In January 2016 Steve McClaren signed Henri Saivet from Bordeaux for a fee of £4.5 million. The Senegal international thought that it was his time to make a name on a bigger stage, in one of the best leagues in the world – the Premier League.
Little did Saivet know at the time that his move to Tyneside would turn sour rather quickly. McClaren was desperate to sign Jonjo Shelvey, the former England manager was not as taken by Saivet’s CV although with Cheick Tiote seemingly ready to depart, a successor for the Ivorian was needed. Newcastle bought both Saivet and Shelvey during the January transfer window, unfortunately for Saivet, Tiote did not depart St James’ Park and he immediately found himself down the pecking order.
Having only appeared for a total of eight times for Newcastle during a period of over three years at the club, Saivet now finds himself without a shirt number but still training with the first team. Saivet at only 28 years-old still has many years ahead of him in football, for his sake he must put his disastrous spell at Newcastle behind him.
Saivet has now been overlooked by three Newcastle managers, McClaren already had reservations about the midfielder before he joined the club, Rafael Benitez believed that Saivet wasn’t suited to the Premier League and as a result was banished to the reserves. Steve Bruce decided against giving Saivet a squad number this season, though the Newcastle manager does not have any issues with Saivet.
Saivet has been loaned out three times by Newcastle, with no resolution on his future the midfielder is forced to wait until at least January to find a new club. The worrying part for Newcastle and Saivet is that his contract does not expire until June 2021. There is a possibility that Saivet could see out the remainder of his contract with the club.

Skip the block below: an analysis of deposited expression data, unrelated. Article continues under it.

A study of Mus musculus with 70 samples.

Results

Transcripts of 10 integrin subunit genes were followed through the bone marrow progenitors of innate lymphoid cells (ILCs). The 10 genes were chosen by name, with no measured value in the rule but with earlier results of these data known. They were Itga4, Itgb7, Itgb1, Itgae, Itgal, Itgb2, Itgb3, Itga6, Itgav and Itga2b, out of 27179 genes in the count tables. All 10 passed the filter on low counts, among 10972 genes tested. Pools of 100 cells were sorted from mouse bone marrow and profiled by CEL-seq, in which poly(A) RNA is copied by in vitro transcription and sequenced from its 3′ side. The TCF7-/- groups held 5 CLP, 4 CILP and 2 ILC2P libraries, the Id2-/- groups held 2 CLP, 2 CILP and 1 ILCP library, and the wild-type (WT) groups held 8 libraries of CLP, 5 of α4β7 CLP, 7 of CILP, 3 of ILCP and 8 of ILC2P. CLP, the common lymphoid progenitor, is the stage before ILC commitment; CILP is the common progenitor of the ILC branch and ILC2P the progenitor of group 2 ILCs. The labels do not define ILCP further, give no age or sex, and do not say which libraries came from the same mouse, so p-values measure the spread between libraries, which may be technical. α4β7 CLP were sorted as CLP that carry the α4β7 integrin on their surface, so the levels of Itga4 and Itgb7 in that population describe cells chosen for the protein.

The Senegal international was once dubbed as the “next Thierry Henry” before injury saw Saivet move into a defensive midfield position. The talent is there a player doesn’t catch the eye of big teams such as Tottenham Hotspur for no reason. Perhaps a move to the Premier League came at the wrong time for Saivet and quite possibly to the wrong team.
Newcastle’s relegation to the Championship after Saivet’s first few months with the club saw a lot of changes in the playing staff. Looking back Saivet could have seen Newcastle’s relegation as a perfect opportunity to prove Benitez wrong and establish himself in the first team. Instead he made 21 appearances in Ligue 1 while on loan for St-Etienne.
Due to Saivet’s lack of playing time he was not named in Senegal’s squad for the latest round of internationals. Being out in the wilderness for Newcastle is not good for the club or more importantly Saivet’s career. The midfielder’s career has stagnated since he arrived on Tyneside, while still picking up his £32,000-a-week salary.
Saivet did have a rather eventful game against West Ham United at the London Stadium in December 2017. The midfielder was brought in from the cold due to injuries mounting up for Benitez. Saivet gifted Marko Arnoutovic an early goal before curling in a superb free-kick to draw his side level four minutes later. The game at the London Stadium epitomised Saivet’s Newcastle career in some ways, a disastrous start but with the sense that he has the ability to turn things around. Despite Saivet’s decent showing against West Ham the midfielder did not start for Newcastle again.
The question is can a player coming from a different league, a different country and culture really prove himself over just 232 minutes of Premier League football? Many would answer that with a resounding no.
Saivet is thought to enjoy life on Tyneside despite not being in the frame to feature for Newcastle in the near future. Saivet is eligible to play for Bruce in the FA Cup, the midfielder should see that as an opportunity to show potential suitors what he can do and give Bruce a gentle reminder of his ability.
Saivet’s Newcastle career was effectively over before it even began, perhaps if Tiote’s departure hadn’t have fallen through in January 2016 – maybe things might have worked out differently for Saivet on Tyneside.